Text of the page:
Finding valuable biologically active compounds among marine plants for developing effective antiviral treatments
New antiviral drugs—including COVID treatments—could be developed from previously overlooked substances found in marine plants, University of the West of Scotland (UWS) research has suggested.
The study looked at a set of substances called marine sulfated polysaccharides—a type of carbohydrate that contains sulfur—mainly found in the cell walls of marine algae or seaweeds. It revealed nine of the substances examined show promising results against COVID, with five of the substances never reported as effective before.
Finding valuable biologically active compounds among marine plants shines considerable light on the important role that marine life could play in developing effective antiviral treatments, and a vast amount of these ecosystems are still being discovered.
Professor Milan Radosavljevic, vice-principal of research, innovation and engagement at UWS, said: "Despite the advancement of vaccines as a protective measure, the emergence of newly evolved strains of COVID mean that its threat to public health continues, so finding other suitable treatments remains a priority.
"This is a very exciting discovery and shows great potential for these substances to be developed into effective medicines.
"This study highlights our internationally-renowned research expertise, and I am proud of the commitment from our academics and their research students to find solutions to some of the world's most urgent issues."
Abdalla Mohamedsalih, a Ph.D. student in the University's School of Computing, Engineering and Physical Sciences, added: "I'm pleased to be involved in this research, which shows extremely positive results for the future development of antiviral drugs.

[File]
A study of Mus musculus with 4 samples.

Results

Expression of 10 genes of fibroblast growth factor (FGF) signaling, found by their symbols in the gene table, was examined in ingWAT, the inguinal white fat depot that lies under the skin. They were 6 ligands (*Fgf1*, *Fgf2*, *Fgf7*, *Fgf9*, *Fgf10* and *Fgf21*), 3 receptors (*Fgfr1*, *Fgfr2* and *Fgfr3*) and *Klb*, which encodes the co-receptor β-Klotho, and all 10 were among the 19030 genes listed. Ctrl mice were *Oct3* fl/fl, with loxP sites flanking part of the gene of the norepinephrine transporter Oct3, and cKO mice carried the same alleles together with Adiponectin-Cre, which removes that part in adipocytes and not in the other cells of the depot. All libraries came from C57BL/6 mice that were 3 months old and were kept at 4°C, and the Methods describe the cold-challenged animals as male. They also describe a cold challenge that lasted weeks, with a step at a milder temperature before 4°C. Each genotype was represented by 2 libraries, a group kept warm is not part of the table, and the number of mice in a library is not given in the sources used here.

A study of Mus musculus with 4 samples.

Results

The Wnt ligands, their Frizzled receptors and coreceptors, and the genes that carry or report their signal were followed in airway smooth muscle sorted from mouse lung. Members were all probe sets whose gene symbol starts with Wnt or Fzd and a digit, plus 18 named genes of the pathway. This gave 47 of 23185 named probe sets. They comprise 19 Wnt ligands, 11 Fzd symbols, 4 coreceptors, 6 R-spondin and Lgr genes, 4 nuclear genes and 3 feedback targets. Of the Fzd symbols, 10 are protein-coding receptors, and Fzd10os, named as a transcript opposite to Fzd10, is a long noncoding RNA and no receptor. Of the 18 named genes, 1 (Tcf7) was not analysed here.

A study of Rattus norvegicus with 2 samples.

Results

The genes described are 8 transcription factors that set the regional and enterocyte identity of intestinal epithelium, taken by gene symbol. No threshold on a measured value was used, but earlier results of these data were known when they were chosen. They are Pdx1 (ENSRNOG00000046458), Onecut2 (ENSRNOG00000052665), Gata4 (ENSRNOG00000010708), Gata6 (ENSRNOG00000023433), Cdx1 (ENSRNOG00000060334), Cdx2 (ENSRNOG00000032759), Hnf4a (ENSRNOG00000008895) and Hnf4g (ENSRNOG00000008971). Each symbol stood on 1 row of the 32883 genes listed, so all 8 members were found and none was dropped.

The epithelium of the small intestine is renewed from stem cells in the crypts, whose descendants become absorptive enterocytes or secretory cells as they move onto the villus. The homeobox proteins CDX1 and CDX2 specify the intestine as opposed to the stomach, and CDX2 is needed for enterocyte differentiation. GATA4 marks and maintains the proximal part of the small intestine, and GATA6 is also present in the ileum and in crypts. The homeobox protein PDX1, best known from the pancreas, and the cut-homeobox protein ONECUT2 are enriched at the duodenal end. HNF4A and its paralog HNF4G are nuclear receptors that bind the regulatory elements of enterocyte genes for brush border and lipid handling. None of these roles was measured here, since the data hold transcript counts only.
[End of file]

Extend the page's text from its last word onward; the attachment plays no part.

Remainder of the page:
"Scientists often look to nature as a potential source for new drug discoveries: for example, the natural environment provided us with penicillin—the first naturally occurring antibiotic to be used therapeutically. Thanks to the development of this drug, various diseases caused by bacteria ceased to be life-threatening.
"I look forward to continuing this research, as we seek to find effective treatments for COVID."
Researchers at UWS looked at past research papers, spanning 25 years, and focussed on those that mentioned marine plant substances having some effect against different viruses. A shortlist was developed, with 45 substances showing potential antiviral effects: these shortlisted substances came from various marine sources, including different types of algae, microalgae, sea cucumbers, and squid cartilage.
Computer-generated versions of these molecules were developed, together with the spike protein—which covers the outside of the coronavirus—and, using these computer models, researchers simulated how well each substance would bind to the spike protein. Using computer simulations to test binding is known as molecular docking and is widely used by scientists.
Of the shortlist, nine substances showed real promise as avenues for future development of therapeutic drugs.
Dr. Mostafa Rateb, Lecturer in UWS's School of Computing, Engineering and Physical Sciences, said: "Although the ocean has been looked to as a source for biologically active materials for many years, the marine environment is still largely under-investigated as far as medicines are concerned."
"Effective new antiviral drugs are critically needed for treating a wide range of diseases, including COVID, which continues to be a threat globally."
"This is a very interesting discovery and I look forward to seeing where these initial findings lead."
Finding new medicines suitable for the treatment of COVID and other viruses remains a priority for scientists worldwide, who are striving to develop drugs that target life-threatening viruses and stop them from developing in the body. So far, limited options are available for the treatment of COVID, with only a handful of existing medicines approved for use against the disease; therefore, finding other suitable treatments remains a focus.
Although further experimental studies are required, initial findings show promise that marine plants have great potential for use as COVID inhibitors.